Ease holiday shopping with children

Friday, December 14, 2007

By Katie L. Reim


STILLWATER, Okla. – Last minute shopping for those special people on your list can be a tough feat to accomplish. When you add to this the holiday crowds and shopping with children— especially young children—the experience can become more trying and sometimes very stressful.

There are several tips to help make holiday shopping with children a little easier, said Debbie Richardson, Oklahoma State University Cooperative Extension Service parenting assistant specialist.
 
“Try not to shop when you have had a bad day or at the end of a tiring day when your patience is already strained,” Richardson said. “Also make sure the children are rested and not hungry.”
 
It is important to talk with your child before shopping. Let your child know it is a special outing to go shopping with you. Your child can go along and have fun as long as she understands the shopping rules. You can even discuss what the child suggests as consequences if she misbehaves.
 
“Make your expectations clear for appropriate behavior such as, ‘stay close to me,’  ‘use your quiet voice,’ or ‘running in the store is not acceptable,’” Richardson said. “You could also develop some ‘sign language’ at home with the child such as signals that mean stop, come here or be careful to use while in public.”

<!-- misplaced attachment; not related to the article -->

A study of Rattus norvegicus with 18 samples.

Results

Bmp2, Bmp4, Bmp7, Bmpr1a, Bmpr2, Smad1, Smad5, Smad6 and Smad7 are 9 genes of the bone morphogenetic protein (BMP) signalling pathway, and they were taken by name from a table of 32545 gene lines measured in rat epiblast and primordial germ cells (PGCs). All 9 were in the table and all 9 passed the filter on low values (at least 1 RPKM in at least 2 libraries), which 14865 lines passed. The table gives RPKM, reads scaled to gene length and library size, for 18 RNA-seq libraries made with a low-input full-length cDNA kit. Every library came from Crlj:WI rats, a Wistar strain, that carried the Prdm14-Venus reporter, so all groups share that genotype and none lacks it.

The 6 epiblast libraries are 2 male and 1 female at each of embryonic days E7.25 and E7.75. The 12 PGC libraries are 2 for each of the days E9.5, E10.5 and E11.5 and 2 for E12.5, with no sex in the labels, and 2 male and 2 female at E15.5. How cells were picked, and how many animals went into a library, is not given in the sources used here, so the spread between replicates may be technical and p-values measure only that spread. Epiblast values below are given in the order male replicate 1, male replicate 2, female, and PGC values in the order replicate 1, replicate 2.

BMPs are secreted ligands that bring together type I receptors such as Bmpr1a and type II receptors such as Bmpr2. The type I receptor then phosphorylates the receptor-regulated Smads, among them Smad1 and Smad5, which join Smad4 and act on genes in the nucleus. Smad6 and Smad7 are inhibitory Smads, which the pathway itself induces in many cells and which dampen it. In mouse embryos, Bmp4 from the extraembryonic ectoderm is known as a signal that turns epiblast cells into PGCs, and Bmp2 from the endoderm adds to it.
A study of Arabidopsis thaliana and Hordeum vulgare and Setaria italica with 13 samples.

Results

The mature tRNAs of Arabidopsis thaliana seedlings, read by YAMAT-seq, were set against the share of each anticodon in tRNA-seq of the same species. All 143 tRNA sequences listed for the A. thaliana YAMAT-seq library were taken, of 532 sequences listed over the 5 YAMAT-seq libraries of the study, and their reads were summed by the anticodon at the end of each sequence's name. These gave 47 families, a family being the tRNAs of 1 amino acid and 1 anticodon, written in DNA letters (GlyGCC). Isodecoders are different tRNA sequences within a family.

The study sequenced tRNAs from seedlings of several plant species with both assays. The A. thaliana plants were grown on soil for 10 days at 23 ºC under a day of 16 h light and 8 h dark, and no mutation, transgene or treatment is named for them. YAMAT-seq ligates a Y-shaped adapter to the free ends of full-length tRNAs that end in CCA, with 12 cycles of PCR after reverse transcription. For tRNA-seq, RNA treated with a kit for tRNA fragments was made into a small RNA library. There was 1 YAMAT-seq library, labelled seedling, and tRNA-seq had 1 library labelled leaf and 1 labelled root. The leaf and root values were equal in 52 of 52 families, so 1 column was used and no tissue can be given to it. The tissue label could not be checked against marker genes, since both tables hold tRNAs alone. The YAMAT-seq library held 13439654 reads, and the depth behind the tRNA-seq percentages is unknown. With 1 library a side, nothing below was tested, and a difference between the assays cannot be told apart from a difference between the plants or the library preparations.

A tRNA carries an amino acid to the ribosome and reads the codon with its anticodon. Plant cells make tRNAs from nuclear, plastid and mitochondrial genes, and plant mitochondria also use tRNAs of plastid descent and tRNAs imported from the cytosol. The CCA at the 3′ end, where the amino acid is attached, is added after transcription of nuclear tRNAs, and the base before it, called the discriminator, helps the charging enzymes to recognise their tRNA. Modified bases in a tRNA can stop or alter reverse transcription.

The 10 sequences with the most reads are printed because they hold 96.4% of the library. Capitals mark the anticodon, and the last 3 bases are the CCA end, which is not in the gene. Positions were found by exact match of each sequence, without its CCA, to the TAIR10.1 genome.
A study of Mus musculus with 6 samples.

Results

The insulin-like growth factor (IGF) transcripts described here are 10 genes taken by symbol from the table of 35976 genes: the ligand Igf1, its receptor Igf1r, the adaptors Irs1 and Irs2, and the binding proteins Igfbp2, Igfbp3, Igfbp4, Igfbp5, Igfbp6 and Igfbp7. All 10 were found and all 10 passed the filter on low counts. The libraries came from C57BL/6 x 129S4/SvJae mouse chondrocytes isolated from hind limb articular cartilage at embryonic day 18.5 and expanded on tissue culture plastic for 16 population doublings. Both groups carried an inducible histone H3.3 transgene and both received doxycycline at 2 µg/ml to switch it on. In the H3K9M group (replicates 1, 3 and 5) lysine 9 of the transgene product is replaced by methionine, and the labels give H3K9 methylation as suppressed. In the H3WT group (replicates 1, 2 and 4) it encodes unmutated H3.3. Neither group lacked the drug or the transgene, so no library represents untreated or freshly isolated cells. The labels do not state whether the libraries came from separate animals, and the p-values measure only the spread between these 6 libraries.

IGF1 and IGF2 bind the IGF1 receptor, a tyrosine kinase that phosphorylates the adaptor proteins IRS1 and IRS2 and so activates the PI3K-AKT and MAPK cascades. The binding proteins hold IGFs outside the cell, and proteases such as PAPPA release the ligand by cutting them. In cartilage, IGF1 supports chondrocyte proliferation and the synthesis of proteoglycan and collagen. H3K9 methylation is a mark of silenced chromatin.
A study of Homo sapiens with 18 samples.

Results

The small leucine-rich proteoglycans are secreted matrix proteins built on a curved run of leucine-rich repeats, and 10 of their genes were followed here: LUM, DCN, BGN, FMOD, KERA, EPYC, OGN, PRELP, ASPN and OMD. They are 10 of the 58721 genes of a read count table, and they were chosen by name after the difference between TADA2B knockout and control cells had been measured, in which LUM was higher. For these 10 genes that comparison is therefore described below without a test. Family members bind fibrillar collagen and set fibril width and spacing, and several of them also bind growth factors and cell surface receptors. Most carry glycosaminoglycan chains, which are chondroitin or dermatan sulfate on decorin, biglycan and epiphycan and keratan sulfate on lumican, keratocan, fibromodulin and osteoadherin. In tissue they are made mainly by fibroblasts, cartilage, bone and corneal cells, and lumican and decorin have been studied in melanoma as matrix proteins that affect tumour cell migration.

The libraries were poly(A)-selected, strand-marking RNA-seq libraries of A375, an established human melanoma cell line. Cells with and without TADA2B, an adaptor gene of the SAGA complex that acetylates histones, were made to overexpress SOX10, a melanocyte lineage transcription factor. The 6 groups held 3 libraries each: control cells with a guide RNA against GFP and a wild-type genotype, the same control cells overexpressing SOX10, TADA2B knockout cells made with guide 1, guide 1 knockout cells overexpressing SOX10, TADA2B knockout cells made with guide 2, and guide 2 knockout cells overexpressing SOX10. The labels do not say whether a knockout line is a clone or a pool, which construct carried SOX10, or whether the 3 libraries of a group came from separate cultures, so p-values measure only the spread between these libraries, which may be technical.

Everyone should wear comfortable shoes and clothes while shopping.
 
“Take clothes or coats that can be layered and removed so that everyone is comfortable with temperature changes,” she said. “Also, pack snacks, a favorite toy or comfort item and diapers or formula as needed, especially for infants and younger children.”
 
Your child may not always be interested in where you want to shop, Richardson said. Therefore, you need to help your child make it through the places where he or she has no interest and show interest where your child wants to look.
 
Play games such as asking your child to count how many people are wearing red, how many babies she sees or how many steps it takes to get to the end of the aisle.
 
Another idea is to discuss the pictures on packages, Richardson said. Have the child explain what he or she sees, name the colors in the picture or read the words.
 
It is important to reinforce good behavior.
 
“Statements such as ‘you are being so helpful’ say a lot to a child,” she said. “Do something special after the shopping trip or promise to play a game or read with them when you get home and keep your promise. Also, a hug can be reassuring and say more than words sometimes.”